London 2012: Games memories for 1948 Olympian
- 18 April 2012
- From the section Wales
A Swansea pensioner will be watching the gymnastics at the Olympics more avidly than most - he was a competitor when the Games last came to London.
Glyn Hopkins, 83, was a member of the gymnastics squad in 1948 and now, more than 60 years later, he has tickets to the gymnastics final in July.
He said these Olympics would be "very different" to the post-World War II Olympics, dubbed the "austerity games".
While Olympians in 2012 have access to the best trainers and nutritionists and have kit designed by Stella McCartney, life for competitors in 1948 was "another world".
"Times were tough as it was just after the war," said Mr Hopkins, who followed his father into gymnastics and trained at the Sketty Olympic Club, coached by Arthur Whitford, who was a 10-times Great Britain gymnastics champion.
"We were still on basic food rations and coupons and there was no money about. Saying that, I think we were quite fit because the diet wasn't a fatty diet.
"I remember while we were training for the Olympics we stayed in the Crown and Manor Boy's Club in Islington in London and our sleeping quarters were gym benches - the long thin ones like in schools.
"We had to put them together and we all slept in rows. As you can imagine, we didn't get very much sleep.
"We also didn't have any special uniform. We were given a vest, a competition blazer and a tracksuit - they were very, very basic.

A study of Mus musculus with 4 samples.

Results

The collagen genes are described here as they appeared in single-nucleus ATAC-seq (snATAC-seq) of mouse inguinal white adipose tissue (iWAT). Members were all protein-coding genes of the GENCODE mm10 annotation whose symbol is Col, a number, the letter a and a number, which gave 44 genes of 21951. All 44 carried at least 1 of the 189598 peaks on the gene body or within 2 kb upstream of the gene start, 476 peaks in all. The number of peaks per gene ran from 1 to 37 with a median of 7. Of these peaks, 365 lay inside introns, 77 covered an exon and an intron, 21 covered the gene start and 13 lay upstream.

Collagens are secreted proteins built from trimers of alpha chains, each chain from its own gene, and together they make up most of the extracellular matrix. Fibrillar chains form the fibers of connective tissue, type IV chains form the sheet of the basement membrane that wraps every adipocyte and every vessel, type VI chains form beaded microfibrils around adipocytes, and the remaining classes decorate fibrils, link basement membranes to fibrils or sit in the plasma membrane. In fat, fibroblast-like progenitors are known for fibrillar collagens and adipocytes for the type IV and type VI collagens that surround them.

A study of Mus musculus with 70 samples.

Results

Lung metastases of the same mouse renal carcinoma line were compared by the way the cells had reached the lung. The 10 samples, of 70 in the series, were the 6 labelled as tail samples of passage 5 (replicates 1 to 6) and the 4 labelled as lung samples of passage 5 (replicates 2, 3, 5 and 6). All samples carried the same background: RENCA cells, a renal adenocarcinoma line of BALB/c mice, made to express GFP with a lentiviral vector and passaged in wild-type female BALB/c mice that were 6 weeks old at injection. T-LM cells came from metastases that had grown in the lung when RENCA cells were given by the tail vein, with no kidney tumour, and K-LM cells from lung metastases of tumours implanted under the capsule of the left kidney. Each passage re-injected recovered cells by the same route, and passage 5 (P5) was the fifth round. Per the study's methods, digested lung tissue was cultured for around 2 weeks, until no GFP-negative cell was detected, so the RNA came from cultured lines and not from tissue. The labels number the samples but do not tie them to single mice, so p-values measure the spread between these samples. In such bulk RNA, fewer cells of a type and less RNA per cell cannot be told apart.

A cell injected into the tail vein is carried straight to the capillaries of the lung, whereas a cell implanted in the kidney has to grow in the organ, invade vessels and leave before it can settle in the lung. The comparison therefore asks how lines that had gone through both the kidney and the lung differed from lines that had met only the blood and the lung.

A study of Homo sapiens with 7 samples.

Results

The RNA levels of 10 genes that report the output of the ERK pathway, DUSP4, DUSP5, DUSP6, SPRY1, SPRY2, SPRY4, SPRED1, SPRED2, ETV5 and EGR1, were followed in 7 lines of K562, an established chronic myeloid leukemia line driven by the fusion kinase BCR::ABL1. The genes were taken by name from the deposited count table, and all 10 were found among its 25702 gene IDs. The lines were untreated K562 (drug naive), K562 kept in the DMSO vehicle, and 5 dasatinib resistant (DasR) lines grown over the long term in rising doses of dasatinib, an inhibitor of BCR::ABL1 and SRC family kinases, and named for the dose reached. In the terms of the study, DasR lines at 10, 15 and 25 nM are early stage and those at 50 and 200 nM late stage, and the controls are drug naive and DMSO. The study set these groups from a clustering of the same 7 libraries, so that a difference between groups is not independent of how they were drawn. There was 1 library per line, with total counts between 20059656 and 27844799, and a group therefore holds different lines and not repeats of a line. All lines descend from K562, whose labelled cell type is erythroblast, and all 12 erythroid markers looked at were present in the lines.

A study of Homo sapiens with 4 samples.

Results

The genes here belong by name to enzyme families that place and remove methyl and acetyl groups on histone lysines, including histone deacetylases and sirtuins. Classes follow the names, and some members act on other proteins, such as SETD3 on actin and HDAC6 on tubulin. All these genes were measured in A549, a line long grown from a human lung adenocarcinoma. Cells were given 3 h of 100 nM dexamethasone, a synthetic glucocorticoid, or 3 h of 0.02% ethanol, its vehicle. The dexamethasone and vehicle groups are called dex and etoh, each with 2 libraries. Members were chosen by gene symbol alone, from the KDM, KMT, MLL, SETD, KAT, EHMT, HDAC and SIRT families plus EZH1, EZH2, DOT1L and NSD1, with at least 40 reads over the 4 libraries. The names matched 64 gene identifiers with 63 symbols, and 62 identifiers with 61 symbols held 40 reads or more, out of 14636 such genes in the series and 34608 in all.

"But everything at that time was."
He said the team training equipment was built in the 1930s and "didn't really work very well".
"For example, the horizontal bars during the Olympics had a movement of about 12 inches. But our training ones had no movement at all. So it was hard to prepare for that," said Mr Hopkins, who lives in Morriston, Swansea with his wife of 58 years, Valerie.
"Now gymnasts have a well filled with polystyrene under the bars to land in if they fall, whereas we had to fall on hard coconut matting and that really hurt.
"So now there is less fear and that means gymnasts are able to do more show-stopping moves.
"They also now wear leather around their hands whereas we could only use chalk.
"What would happen is that the chalk would build up on the bars and it would tear your hands.
"Many a night I would go to bed with a sock on my hand filled with Vaseline because of the blisters."
But despite the austerity, he said the 1948 games united the country after the tragedies brought by World War II.
"I remember walking out into the stadium for the opening ceremony in front of a crowd of about 75,000 people and the hairs on the back of my neck stood up," said Mr Hopkins, who had to fit in his training and competitions around his day job as an apprentice joiner.
"It was such a memorable moment. And because the tickets weren't very expensive, lots of ordinary people could come and watch us.
"It brought everyone together, which I think was needed after the war."
In fact, in preparation for the Olympics, the Great Britain gymnastics team worked with the German prisoner of war Helmut Bantz.
While German athletes were banned from competing at the 1948 Games, Bantz was acting as the - unofficial - coach of the team.
"He was given permission to come with us and coach us as a team before the Olympics," said Mr Hopkins.
"He performed for us on the high bar and he hadn't done anything like that since before the war. He really helped us and was a really nice man.
"He went on to win gold for Germany in future Olympics."
The British gymnastics team eventually came 12th during the Games, with Finland getting gold and Czechoslovakia coming second.
Mr Hopkins said: "They were the successful teams of the time, more so than the Chinese and Russians, who do so well now."
As a former member of an Olympic team, he said he had been promised two tickets for the gymnastics final during London 2012.
"I'm expecting it to be quite different from our day," he added.
"It will bring back lots of memories."